Speculation is rife in France that the board of directors at scandal-rocked Société Générale decided to retain embattled CEO Daniel Bouton only to allow him to do the one thing he's spent a decade avoiding: preparing the bank for acquisition by a hostile rival.
Following their meeting Wednesday, board members said they had rejected Bouton's resignation in order to preserve stability while the bank is still reeling from the $7.13 billion loss resulting from derivative trader Jérome Kerviel's illicit futures speculation. Many cited Bouton's storied record of fiercely defending Société Générale's independence in the past. But even before that day had ended, the general surprise that greeted Bouton's survival gave way to anticipation that he'd been kept aboard as the best-placed expert to chose the best among several anticipated suitors for the tarnished and shaken institution.
First among those expected callers is BNP, France's largest bank by capitalization, which on Thursday confirmed it was considering, "a run at Société Générale" though just "like all of Europe". The mere rumor of a possible buyout sent SocGen share prices up nearly 11% during trading Tuesday. The feasibility of a BNP offer or hostile raid further increased on Wednesday, when it announced 2007 profits of over $11 billion. But BNP is hardly the only player contemplating exploiting Société Générale's troubles to acquire it at a bargain price. French bank Crédit Agricole is also reportedly studying a take-over bid, as are Italian rivals UniCredit, Anglo-Chinese HSBC, along with a few others.
Concern over a potential bid drove hundreds of the bank's employees to the streets Thursday to demonstrate their determination to preserve its and thus, they hope, their jobs. But given the apparent interest by competitors in acquiring the bank and the enduring fallout over how the bad trades could occur over months some observers are now convinced the eventual purchase of Société Générale is just a matter of time.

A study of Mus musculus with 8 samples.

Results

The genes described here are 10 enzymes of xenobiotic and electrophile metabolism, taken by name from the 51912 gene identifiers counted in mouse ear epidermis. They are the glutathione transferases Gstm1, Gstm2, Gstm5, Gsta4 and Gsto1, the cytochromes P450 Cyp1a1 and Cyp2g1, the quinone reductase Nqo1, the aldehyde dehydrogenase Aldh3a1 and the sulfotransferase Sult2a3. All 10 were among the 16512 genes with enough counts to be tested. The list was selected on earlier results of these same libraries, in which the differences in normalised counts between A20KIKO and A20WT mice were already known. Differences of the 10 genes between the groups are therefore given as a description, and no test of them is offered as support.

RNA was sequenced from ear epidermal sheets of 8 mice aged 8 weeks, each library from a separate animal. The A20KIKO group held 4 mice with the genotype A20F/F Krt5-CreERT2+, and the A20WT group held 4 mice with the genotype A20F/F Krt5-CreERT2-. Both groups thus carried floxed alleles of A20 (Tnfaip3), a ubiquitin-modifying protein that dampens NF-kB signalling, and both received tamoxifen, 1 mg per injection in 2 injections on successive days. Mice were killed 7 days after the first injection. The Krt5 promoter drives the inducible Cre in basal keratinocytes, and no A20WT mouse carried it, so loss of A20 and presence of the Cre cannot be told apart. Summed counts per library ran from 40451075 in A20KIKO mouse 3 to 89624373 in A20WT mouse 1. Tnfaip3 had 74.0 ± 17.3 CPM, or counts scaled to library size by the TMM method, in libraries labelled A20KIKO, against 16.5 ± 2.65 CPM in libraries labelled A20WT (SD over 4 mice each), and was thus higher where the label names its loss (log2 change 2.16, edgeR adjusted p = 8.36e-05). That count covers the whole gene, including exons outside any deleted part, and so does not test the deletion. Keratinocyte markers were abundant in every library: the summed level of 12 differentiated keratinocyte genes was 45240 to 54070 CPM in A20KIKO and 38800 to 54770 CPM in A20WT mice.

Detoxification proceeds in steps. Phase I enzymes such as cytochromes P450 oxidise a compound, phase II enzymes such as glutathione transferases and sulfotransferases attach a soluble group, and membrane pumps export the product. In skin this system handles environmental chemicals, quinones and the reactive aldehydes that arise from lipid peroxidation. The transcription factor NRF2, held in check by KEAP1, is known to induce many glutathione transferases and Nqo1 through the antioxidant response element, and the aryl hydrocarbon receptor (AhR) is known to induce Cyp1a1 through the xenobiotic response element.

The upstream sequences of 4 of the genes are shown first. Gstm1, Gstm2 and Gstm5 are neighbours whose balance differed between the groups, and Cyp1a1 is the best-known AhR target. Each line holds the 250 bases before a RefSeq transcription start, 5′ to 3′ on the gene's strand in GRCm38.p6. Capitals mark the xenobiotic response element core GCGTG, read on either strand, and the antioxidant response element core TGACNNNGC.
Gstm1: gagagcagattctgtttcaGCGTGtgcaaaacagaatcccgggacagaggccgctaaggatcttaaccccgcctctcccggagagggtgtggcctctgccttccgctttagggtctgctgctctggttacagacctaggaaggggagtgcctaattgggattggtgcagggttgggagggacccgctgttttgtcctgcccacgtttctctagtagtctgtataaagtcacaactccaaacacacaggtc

"Virtually every time there's been a major traumatic episode at a bank or financial institution, the final page has ultimately been turned with the company being bought out," notes Jacques Mistral, head of economic research at the French Institute of Foreign Relations in Paris. Despite that record, Mistral says he doubts that Bouton is staying on specifically to prepare Société Générale's sale. "Everyone there is still fully focused on surviving this scandal the here and now," Mistral argues. "When the time comes where it's inevitable Société Générale's must either merge with a partner or be taken by force, Bouton will certainly leave. He'd never accept that."
Indeed, since taking Société Générale's CEO post in 1997, Bouton has fended off several takeover bids. The most notable effort came in 1999, when BNP sought to buy Société Générale in an attempted three-way merger with French bank Paribas. Bouton's defensive maneuvers to prevent that were strengthened by labor stoppages by bank employees, many of them shareholders, whose support of Bouton since the Kerviel debacle has been solid. Despite that collective determination, Mistral says Société Générale's hostility to mergers has become a handicap in a sector where growth and geographical expansion via consolidation is the rule. That position, Mistral continues, means Société Générale has "always been viewed in Europe as being perched on the edge of a cliff, and with very little doubt it will be pushed over the side at the end of this episode."
BNP's coy comments Thursday on its contemplation of Société Générale, according to Mistral, increases the likelihood of a more complex acquisition scheme: the break up of Société Générale's retail network, which BNP covets, from investment banking activities, which interest Crédit Agricole. By tipping its hand, Mistral notes, BNP may be signaling to rivals now mobilizing in the wake of the debacle that it's about to launch a bid it had contemplated even before the Kerviel affair. Meanwhile, comments by French officials indicating the government would step in and prevent foreign "predators" from exploiting the Société Générale fiasco drew fire from European Union authorities. Mistral suggests that BNP's shot across the bow was a boon for the government: "by signaling to rivals abroad that French banks are already on the case, BNP saves President (Nicolas) Sarkozy and his advisors the trouble of noting that foreign suitors need not apply."